Technique


Pilot Magazine | Sep 01, 2010

What’s the best advice you ever heard—advice that you use on every flight? For me, it’s two tips I read years ago, and both are about making better landings. They are both from author Ron Fowler in his book, Making Perfect Landings.

Test Pilot

Pilot Magazine | Jun 01, 2010

General 1. The classic de Havilland DHC–2 Beaver is a large, single-engine, high-wing bush plane made in Canada.

Technique: When Abnormal turns ugly

Pilot Magazine | May 01, 2010

It’s ironic that when practicing emergency procedures we can sometimes set ourselves up to create the very problems we’re trying to avoid. “Don’t let a simulated emergency turn into the real thing,” flight instructors are told, and that’s great advice.

Test Pilot

Pilot Magazine | May 01, 2010

General: 1. What is the Cessna 305? 2.

Technique: Helping other pilots

Pilot Magazine | Apr 01, 2010

We’ve all been there. The sun is still well below the horizon, you are planning to take off around dawn, and you’re digesting the weather briefing you just received.

Technique: Running on empty

Article | Mar 01, 2010

We’ve all heard the maxim—“The only time there’s too much fuel in an airplane is when it’s on fire.” That’s not entirely true, of course, but carrying an insufficient amount of fuel, or not being able to get it to the engine(s), has been a frustratingly persistent cause of aircraft accidents for generations. About 200 GA accidents in the past five years were attributed to pilots running out of fuel, according to the AOPA Air Safety Foundation.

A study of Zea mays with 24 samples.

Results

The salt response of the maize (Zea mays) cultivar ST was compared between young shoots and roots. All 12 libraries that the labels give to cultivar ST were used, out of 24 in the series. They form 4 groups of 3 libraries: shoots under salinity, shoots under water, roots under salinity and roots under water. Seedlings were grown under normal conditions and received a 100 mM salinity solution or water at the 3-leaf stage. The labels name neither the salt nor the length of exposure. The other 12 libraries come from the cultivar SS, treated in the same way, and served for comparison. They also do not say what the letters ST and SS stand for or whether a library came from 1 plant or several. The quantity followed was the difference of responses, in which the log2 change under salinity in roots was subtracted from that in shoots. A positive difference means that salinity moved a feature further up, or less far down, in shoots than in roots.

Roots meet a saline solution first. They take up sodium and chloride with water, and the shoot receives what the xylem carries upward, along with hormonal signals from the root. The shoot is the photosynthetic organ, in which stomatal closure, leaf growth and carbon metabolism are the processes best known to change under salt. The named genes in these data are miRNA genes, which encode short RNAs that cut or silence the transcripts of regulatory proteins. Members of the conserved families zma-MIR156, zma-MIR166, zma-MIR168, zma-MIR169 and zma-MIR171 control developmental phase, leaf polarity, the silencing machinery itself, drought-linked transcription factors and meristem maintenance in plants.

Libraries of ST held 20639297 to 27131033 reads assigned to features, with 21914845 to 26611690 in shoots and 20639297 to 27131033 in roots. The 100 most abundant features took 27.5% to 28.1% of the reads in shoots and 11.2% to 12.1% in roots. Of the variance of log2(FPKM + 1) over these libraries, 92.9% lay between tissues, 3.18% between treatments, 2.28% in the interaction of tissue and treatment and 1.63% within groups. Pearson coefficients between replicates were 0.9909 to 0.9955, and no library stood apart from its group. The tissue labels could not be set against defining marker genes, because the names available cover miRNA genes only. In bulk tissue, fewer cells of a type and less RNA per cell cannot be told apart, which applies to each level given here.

Technique: Spanning two worlds

Pilot Magazine | Feb 01, 2010

With more general aviation pilots flying behind glass cockpits today, the need for glass-specific training has grown tremendously. In the case of instrument training, one of the questions being raised is the possibility of creating two distinct tracks that a student might follow.

Technique: Plain Language

Pilot Magazine | Jan 01, 2010

You want a good grade from the FAA when traveling in Class C and D airspace, because the alternative is a violation reported to your local FAA Flight Standards District Office. Yet it may have been years since you had to deal with either class of airspace.

Technique: Plain Language

Article | Dec 08, 2009

You want a good grade from the FAA when traveling in Class C and D airspace, because the alternative is a violation reported to your local FAA Flight Standards District Office. Yet it may have been years since you had to deal with either class of airspace.